When Coppa Cafe first opened its doors in 2013 its business model was simple — sell great coffee and ice cream.
Now 10 years later, the business has grown to be one of Juneau’s most popular downtown cafes, adding baked goods and healthy meals to its menu. Not to fret, though — the coffee remains just as great.
Last Saturday officially marked the business’s 10th anniversary in Juneau. A lot has changed since then, including the ownership. However, according to current owner Maddie Kombrink and original co-owner Marc Wheeler, the strength of the community’s support has never wavered.
“It’s a wonderful milestone — so many businesses fail before 10 years,” Wheeler said. “I think it just shows the level of support from the community.”
On Wednesday morning, Kombrink and Wheeler shared a table at Coppa, which is located around the corner from the Hurff A. Saunders Federal Building. Surrounding them were more than a dozen customers sitting at their respective tables. Warm lights shone down and green plants hung from all corners of the small cafe space.
Since last December when Kombrink took over the business from Wheeler and co-owner Jessica Paris, there’s a few changes she’s made. She’s pushed for more grab-and-go food options and added plants to the cafe area — both positive steps in Wheeler’s books.
“I have a brown thumb,” he said, laughing.
Before the new role, Kombrink worked off and on at the business for about five years while also pursuing other opportunities. She said since taking on the new role as owner she’s felt “overwhelming community support.” Kombrink and Wheeler applauded the employees at Coppa and the unique additions they bring to the business.
“Coppa has evolved and I think it’s cool to see it grow to meet Juneau’s needs,” Wheeler said. “Everyone who has worked here brings their own passion — we started making donuts because the pastry chef loved donuts, the cook is from Ukraine so we make a lot of Ukrainian dishes — it’s fun to see people’s passions play out.”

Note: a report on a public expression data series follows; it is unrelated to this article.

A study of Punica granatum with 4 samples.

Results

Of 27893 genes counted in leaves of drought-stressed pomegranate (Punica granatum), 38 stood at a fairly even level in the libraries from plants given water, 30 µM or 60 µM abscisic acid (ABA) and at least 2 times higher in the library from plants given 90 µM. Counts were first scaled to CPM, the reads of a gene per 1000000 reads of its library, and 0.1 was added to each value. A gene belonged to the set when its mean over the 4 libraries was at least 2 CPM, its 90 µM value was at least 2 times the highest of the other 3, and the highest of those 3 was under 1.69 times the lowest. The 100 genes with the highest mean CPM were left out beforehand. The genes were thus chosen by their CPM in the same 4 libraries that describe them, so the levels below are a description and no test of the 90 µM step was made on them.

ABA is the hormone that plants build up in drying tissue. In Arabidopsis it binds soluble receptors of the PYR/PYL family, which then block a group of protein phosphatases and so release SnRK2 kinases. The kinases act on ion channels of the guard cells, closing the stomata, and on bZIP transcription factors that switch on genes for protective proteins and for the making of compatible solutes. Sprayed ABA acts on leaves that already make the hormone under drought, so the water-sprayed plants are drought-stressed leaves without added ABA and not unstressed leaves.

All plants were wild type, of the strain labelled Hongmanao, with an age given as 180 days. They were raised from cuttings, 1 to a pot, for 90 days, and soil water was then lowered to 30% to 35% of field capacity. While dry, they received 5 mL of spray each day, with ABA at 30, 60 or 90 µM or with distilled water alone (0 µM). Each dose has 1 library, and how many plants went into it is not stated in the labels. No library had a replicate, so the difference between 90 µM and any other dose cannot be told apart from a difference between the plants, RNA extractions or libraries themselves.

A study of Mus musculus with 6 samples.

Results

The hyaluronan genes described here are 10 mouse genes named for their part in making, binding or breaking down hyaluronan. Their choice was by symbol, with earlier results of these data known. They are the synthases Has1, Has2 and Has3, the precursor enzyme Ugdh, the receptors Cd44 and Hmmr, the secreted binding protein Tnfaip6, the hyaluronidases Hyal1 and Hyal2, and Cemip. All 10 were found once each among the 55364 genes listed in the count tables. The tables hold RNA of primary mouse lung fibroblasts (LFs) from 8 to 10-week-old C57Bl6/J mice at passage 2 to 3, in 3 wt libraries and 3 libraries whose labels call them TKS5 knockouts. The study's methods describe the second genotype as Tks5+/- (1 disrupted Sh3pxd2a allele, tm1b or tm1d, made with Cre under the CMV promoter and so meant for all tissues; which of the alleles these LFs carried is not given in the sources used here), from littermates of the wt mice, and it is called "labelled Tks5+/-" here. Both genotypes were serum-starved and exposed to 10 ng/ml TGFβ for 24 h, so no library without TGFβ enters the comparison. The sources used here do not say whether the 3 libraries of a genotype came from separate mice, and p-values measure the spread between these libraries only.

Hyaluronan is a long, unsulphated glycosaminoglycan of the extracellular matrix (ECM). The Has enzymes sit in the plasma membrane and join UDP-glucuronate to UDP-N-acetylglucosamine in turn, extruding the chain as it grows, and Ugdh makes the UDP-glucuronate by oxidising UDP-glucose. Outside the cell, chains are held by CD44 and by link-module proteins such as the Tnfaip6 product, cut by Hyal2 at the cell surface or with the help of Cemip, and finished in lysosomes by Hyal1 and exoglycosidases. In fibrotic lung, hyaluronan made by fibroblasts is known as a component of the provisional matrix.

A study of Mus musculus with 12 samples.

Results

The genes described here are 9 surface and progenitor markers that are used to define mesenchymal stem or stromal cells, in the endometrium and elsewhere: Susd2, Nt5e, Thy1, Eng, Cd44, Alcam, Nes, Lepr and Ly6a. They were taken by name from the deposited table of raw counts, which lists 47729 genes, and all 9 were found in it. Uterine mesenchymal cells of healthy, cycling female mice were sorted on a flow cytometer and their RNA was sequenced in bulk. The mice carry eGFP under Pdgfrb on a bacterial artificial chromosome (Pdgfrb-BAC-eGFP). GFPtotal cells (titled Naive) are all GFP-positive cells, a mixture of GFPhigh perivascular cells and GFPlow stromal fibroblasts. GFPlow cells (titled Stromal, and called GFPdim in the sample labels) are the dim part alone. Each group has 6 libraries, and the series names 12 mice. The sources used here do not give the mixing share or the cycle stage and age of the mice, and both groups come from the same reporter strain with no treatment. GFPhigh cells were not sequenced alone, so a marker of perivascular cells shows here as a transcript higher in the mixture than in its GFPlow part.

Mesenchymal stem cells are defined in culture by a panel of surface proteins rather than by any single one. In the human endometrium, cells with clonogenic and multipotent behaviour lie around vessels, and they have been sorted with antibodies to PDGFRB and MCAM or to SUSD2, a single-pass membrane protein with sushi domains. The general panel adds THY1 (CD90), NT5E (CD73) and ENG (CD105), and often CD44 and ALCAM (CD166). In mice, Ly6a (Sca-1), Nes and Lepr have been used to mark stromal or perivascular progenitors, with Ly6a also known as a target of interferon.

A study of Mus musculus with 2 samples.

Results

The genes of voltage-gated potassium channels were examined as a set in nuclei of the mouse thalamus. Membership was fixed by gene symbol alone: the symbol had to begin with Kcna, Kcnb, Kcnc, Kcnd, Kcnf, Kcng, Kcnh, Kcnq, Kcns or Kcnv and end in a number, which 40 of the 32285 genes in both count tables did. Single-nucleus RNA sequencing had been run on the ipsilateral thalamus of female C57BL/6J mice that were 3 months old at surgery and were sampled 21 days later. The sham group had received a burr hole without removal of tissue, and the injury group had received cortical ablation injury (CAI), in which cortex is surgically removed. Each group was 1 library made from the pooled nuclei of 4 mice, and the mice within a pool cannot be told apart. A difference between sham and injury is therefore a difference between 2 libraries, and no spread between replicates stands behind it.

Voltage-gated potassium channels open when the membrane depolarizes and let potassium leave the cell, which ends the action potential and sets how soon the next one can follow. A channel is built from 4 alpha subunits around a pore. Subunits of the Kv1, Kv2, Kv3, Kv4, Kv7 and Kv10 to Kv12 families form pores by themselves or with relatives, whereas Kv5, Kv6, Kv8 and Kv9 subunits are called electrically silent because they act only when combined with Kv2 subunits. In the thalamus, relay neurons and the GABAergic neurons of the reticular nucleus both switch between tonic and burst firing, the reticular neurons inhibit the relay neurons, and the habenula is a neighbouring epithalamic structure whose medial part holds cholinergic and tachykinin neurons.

Kombrink agreed and said everything goes back to having that level of support from the community to take risks like branching out in the menu or trying new things.
“I want to allow people to be able to follow their passions and do what they want, but I think that can only happen with support from the community,” she said. “Because if people weren’t open to it or accepting of it, it wouldn’t work. It’s kind of a two-way street.”
Wheeler now works for a local nonprofit called Spruce Root as a business coach. His job involves helping new businesses to grow in Juneau. He got emotional talking about what it means to see Coppa continue to thrive even after the difficult years during the pandemic, and now having it in new hands.
“When you have a small business it’s like having a child,” he said. “To see that child growing up and changing and maturing, it’s really moving.”
Looking to the future, Kombrink said she’s got big ambitions.
“The sky’s the limit,” she said. Ideas like adding more food options and increasing the amount of service come to mind, she said, but noted she wants to keep Coppa’s beloved “cafe vibe” in the forefront.
“I like the smaller sorts of services, you know, not full-blown dinner restaurant service, but more comfort food, things that are healthy and nutritious,” she said. “I’m really passionate about nutrition and adding things like vegan or gluten-free or that are different — just kind of creating more options for people is on my list.”
Both Kombrink and Wheeler extended their thanks to the community for allowing the business to continue to grow.
I just want to give a giant, giant thank you,” Kombrink said. “We’re still going to be here in more and more ways than one for sure.”
• Contact reporter Clarise Larson at firstname.lastname@example.org or (651) 528-1807.